LtE Doodlings – CLDEF and their RBO; modern day version of political snake oil salesman

by Skip

The idea that towns can set up their own ordinances willy-nilly to fight anything they want (lately here in NH, that would be the Northern Pass project) is sheer stupidity on those that accept this idea that a Rights Based Ordinance would “save them from Big Corporations sinning against our little town” and the organization peddling this, a cross between those demogoging Marxist class warfare and environmental utopia is the Community Environmental Legal Defense Fund who rears its head every year this time of Town Meetings lately.  My response to Alexis Eynon of Thorton’s Letter to the Daily Sun’s Editor, I hope, was short and to the point (that LtE is after the jump):

To the Editor,

This is in response to the Letter to the Editor by Alexis Eynon of 1/17/18 ( and states:

“3) Assert local governing rights and ban the project — do not compromise by voluntarily surrendering our local authority and force the powers that be to strip these rights from us publicly.”

As has been pointed out by others, no need to have these “rights stripped from us” as you never had them before. NH is not a home-rule state so each town or city is merely a political sub-division of the State. The CELDF organization is leading you right down a primrose path with the glittering idea of “RBO” – right up until you go over their “lemmings cliff”. There will be no public stripping – you will either be told “it is not legal”…

…Or simply ignored. Which it should be as this RBO sounds like a cross between FDR’s Second Bill of Rights (which trashed the Founders radical idea of limiting what Govt should do) and an environmentalist’s Utopian dystopia in which plants and animals should have equivalent rights as Citizens. It certainly ignores important Articles of the NH State Constitution.

– Skip

The original LtE:


To The Daily Sun,

I am writing this letter in support of the Rights Based Ordinance (RBO) that the town of Plymouth is bringing forward in their special Town Meeting on Jan. 31. A community group called Concerned Citizens of Plymouth has partnered with the Plymouth Board of Selectmen to put the ordinance on a warrant and hold a special town meeting. The aim of the ordinance is to stop the Northern Pass project from entering the town.

One might ask, “Why is this necessary? Why do these townspeople feel they must pursue this route of action?” The simple answer is that because no matter what else we as citizens try to do — attend SEC and EIS hearings, write to our legislators, introduce bills at the state level, appeal to federal senators and legislators — the simple fact remains that corporations just have more power in our towns than we do. That is the truth. State and federal law can pre-empt any course of action that we take right now. As citizens, there is no recourse to oppose these giant corporate projects from forcing themselves into our towns — and the corporations know it.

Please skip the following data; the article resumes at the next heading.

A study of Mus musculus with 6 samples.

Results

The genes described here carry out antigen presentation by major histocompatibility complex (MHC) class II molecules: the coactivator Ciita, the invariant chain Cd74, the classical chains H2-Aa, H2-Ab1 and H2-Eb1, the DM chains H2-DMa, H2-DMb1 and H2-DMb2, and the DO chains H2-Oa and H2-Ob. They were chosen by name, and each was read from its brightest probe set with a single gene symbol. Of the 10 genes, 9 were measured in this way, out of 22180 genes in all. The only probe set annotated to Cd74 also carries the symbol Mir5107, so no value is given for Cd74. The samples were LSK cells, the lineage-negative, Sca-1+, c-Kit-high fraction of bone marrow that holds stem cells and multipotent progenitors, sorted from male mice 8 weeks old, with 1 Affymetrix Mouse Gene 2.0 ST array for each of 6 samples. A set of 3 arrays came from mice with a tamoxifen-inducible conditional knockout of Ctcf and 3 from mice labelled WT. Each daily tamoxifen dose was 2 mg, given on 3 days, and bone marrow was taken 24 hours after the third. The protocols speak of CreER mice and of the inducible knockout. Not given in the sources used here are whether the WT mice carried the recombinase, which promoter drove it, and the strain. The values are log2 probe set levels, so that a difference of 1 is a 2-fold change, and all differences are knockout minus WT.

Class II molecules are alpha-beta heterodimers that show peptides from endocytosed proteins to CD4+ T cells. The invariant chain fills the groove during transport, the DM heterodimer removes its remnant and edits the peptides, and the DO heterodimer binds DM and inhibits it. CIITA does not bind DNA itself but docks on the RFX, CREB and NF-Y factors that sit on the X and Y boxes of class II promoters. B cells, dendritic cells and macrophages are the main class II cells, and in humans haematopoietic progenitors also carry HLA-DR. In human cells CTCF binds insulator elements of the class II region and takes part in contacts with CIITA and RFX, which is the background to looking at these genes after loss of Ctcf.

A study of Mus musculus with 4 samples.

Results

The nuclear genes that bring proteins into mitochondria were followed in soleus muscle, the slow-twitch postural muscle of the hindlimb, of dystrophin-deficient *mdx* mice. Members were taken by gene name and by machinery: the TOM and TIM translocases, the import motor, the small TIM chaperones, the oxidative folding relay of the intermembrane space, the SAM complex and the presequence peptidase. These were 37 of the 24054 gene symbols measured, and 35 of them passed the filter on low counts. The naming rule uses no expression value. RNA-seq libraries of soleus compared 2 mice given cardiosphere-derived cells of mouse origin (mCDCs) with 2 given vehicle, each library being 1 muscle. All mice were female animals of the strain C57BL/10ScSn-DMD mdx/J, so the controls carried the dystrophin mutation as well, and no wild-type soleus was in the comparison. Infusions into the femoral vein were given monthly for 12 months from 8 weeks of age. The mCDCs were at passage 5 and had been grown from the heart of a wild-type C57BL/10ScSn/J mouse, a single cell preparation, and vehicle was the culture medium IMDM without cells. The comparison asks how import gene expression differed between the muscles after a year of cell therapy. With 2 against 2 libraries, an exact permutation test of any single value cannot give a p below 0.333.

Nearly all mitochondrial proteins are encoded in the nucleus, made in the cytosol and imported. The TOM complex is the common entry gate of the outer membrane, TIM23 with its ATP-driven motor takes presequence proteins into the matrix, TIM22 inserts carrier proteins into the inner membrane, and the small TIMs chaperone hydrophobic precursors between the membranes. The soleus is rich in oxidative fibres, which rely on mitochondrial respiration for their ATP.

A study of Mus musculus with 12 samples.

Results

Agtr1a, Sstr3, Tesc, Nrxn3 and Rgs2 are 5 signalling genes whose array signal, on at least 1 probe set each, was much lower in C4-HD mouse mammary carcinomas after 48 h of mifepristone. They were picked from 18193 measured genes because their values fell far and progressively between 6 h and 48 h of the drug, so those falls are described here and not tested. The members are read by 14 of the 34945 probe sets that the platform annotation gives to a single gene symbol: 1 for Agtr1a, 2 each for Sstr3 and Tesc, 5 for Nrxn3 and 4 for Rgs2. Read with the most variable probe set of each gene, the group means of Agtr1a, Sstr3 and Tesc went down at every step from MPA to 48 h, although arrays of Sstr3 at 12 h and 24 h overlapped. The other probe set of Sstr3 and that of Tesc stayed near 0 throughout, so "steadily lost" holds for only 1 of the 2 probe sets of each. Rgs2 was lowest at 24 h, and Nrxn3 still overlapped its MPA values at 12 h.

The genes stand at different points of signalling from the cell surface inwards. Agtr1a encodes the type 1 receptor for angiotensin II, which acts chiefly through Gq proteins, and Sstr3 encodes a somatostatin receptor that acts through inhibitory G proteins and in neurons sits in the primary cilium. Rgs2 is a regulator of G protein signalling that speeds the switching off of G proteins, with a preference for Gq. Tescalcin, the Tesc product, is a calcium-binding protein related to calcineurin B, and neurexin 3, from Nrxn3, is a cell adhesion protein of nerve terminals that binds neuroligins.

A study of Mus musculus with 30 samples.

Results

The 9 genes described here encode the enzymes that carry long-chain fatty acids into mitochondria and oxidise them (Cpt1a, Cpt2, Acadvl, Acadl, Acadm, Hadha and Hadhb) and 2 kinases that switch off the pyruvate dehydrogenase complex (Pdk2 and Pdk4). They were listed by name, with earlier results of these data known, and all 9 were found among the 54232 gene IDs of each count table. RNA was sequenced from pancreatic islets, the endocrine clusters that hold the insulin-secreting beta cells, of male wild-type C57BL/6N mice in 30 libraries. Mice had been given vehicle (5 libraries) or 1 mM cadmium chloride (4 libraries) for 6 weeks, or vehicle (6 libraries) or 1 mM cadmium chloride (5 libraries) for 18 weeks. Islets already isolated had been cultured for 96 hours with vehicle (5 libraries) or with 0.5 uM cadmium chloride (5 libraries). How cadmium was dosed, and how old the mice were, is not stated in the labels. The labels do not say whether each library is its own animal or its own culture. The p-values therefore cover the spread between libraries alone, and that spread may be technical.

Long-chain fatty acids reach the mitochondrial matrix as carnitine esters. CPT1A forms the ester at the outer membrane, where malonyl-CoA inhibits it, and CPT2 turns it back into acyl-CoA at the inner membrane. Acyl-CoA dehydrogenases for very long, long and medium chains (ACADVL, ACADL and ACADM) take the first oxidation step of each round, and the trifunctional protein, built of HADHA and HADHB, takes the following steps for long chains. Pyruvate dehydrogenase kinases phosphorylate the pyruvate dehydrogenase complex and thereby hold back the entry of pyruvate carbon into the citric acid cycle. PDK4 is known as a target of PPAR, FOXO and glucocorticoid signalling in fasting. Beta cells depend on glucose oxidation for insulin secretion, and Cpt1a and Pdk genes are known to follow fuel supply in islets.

So then, what are we to do? Plymouth and 11 other towns in New Hampshire have sought the help and guidance of the Community Environmental Legal Defense Fund (CELDF) through their New Hampshire organizer, Michelle Sanborn. CELDF and Ms. Sanborn clearly point out that we have three choices:

1) Do nothing, and get the project;

2) Oppose the project through the regulatory structure and get the project anyway;

3) Assert local governing rights and ban the project — do not compromise by voluntarily surrendering our local authority and force the powers that be to strip these rights from us publicly.

This is where the RBO comes in. It is our right to defend the health, safety and welfare of our towns as citizens of the town. Please attend the information session on the RBO on Tuesday, Jan. 23, at 6 p.m. in the board room of the Plymouth Town Hall and get informed!

Alexis Eynon

Leave a Comment

  • mer

    “Ban all the things that would make my costs go down”
    because “the children and the polar bears and climate warming global change”

    • sb

      My understanding was that Northern Pass would not benefit New Hampshire. It is simply using New Hampshire (and thus ruining the view because they refused to bury it) to get the fuel from Point A to Point B, with no stops in the middle (NH). At best we’d get temporary jobs. Is this incorrect?

      (I was also advised when house hunting to research what towns it was going through and avoid them like the plague.)

      • OldNHMan

        Initially that was indeed the case. However that has changed and the electricity will go to whoever contracts for it, much as Is done with power now.

  • OldNHMan

    Who will be the first to complain when their electric rates skyrocket or, even worse, when they flip that light switch and nothing happens? Much of the push for some form of home rule has been to kill any possibility of energy projects from going forth. Blocking any possibility of new gas pipelines or power lines then bitching about the cost of natural gas and electricity shows a major disconnect between semi-religious beliefs and reality. It’s a form of insanity.